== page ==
US Congress Plans Hearings on GameStop Market Pumps

While Congress is planning multiple hearings, it's less clear what financial regulators might do.

AccessTimeIconJan 28, 2021 at 10:08 p.m. UTC
Updated Sep 14, 2021 at 11:03 a.m. UTC

Congress plans to hold hearings on short sellers, digital trading platforms and WallStreetBets pumping GameStop stock 25-fold. 

The price of GameStop ($GME) stock nearly hit $500 per share on Thursday, after a week of meteoric rises instigated by users of the WallStreetBets community on Reddit and bolstered by other retail traders. 

These everyday traders forced a GME short-seller to close its position and accept a loss of billions of dollars, suggesting that Wall Street doesn’t quite have a monopoly on controlling the stock market. On Thursday, Robinhood and other retail trading platforms suspended purchases of GameStop, as well as AMC and other shares pumped by WallStreetBets in recent days.

The question now is how the U.S. government will react. As of Thursday afternoon, multiple lawmakers were planning hearings around the situation. 

Both the House Financial Services Committee and the Senate Banking Committee announced there would be hearings on short-selling and online trading platforms, though dates have not been announced. 

Representative Maxine Waters (D-Calif.), chairwoman of the House committee, said in a statement that hedge funds “have a long history of predatory conduct” that she called indefensible. 

“As a first step in reining in these abusive practices, I will convene a hearing to examine the recent activity around GameStop stock and other impacted stocks with a focus on short selling, online trading platforms, gamification and their systemic impact on our capital markets and retail investors,” she said. 

She added that hedge funds must be dealt with, though she does not appear to be looking at the WallStreetBets users or other retail investors who pumped a number of stocks to sky-high prices. 

Details weren’t immediately available for the Senate committee hearing. 

Regulatory response

Financial regulators might be less well-equipped to respond to the trading or the suspensions. 

Fox Business reporter Charles Gasparino reported the SEC is planning to investigate whether Reddit commenters manipulated the stock market in pumping GameStop and other company share prices. However, it’s unclear what these regulators could actually do.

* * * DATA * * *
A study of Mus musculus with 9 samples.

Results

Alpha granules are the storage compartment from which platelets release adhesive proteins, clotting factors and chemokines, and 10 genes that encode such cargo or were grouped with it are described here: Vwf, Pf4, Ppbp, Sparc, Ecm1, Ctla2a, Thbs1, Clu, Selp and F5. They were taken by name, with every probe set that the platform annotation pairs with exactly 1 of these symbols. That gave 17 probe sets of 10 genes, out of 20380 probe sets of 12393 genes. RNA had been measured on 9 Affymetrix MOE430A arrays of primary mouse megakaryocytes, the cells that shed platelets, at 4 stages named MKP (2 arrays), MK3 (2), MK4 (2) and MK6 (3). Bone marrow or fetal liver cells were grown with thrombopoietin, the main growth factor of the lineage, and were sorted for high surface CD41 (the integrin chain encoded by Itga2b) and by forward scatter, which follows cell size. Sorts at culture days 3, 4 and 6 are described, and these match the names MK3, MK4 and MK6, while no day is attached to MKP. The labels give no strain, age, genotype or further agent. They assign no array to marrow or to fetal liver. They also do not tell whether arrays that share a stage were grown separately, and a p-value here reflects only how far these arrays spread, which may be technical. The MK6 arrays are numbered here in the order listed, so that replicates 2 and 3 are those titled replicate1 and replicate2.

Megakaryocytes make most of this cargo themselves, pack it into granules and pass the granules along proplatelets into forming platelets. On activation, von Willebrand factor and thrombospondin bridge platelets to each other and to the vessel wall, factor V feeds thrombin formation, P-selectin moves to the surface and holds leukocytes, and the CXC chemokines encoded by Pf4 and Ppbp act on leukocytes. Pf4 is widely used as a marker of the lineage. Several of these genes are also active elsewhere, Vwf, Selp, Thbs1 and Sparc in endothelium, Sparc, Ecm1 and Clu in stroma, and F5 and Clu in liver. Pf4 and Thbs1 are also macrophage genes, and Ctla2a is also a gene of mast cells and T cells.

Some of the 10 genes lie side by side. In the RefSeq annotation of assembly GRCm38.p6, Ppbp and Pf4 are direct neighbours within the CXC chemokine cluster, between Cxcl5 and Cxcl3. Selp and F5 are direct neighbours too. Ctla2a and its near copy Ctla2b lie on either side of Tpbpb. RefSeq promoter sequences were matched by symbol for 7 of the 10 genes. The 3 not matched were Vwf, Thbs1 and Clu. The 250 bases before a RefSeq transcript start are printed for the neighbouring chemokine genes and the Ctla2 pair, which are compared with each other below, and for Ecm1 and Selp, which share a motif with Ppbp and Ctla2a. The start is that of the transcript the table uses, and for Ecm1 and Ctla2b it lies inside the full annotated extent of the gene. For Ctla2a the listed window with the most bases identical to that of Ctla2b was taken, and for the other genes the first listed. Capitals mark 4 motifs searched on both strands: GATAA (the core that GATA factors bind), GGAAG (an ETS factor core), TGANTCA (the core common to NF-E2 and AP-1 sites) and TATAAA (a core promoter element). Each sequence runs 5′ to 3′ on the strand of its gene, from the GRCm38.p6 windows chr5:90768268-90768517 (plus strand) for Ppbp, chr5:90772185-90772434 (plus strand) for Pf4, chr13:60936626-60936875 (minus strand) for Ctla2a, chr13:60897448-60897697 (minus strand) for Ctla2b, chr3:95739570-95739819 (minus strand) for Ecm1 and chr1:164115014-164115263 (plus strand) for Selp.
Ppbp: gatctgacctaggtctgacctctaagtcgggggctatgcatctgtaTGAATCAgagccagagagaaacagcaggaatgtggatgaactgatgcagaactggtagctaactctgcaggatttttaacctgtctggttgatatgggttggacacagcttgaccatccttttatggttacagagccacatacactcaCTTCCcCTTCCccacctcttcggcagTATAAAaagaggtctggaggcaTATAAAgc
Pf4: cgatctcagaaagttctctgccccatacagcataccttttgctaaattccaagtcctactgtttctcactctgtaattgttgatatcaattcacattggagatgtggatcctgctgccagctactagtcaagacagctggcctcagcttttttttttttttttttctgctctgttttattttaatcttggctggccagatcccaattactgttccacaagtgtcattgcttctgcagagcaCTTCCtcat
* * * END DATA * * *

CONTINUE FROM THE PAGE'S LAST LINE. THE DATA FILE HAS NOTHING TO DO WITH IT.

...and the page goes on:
One attorney with experience in the securities markets, who requested anonymity due to the lack of clarity around the issue, told CoinDesk that the SEC doesn’t have much leeway in this situation.  

“What are they going to do? Prevent people from having chatrooms on a social media site? This isn’t even a pump and dump, because a pump and dump is a centralized effort by a handful of parties to move a stock,” the attorney said. “This is an effort by an entire community, by hundreds of people or perhaps thousands of people who are putting in a couple dollars here and there, and it works.”

CoinDesk reached out to the Consumer Financial Protection Bureau (CFPB), Federal Trade Commission (FTC) and Securities and Exchange Commission (SEC). The FTC declined to comment. The CFPB referred CoinDesk to the SEC, which also declined to comment. 

White House Press Secretary Jen Psaki referred reporters to an SEC statement about monitoring the situation during a press briefing Thursday. 

Asked if President Joe Biden or his administration was looking at Robinhood’s actions, Psaki said, “He's briefed by his economic team frequently but we don't have anything more for you … I don’t have anything more for you on this.”

New York Attorney General Letitia James also announced her office would also be reviewing Robinhood's actions on Thursday.

UPDATE (Jan. 28, 2021, 22:20 UTC): Adds an announcement from the NYAG's office.


Please note that our privacy policy, terms of use, cookies, and do not sell my personal information has been updated.

CoinDesk is an award-winning media outlet that covers the cryptocurrency industry. Its journalists abide by a strict set of editorial policies. In November 2023, CoinDesk was acquired by the Bullish group, owner of Bullish, a regulated, digital assets exchange. The Bullish group is majority-owned by; both companies have interests in a variety of blockchain and digital asset businesses and significant holdings of digital assets, including bitcoin. CoinDesk operates as an independent subsidiary with an editorial committee to protect journalistic independence. CoinDesk employees, including journalists, may receive options in the Bullish group as part of their compensation.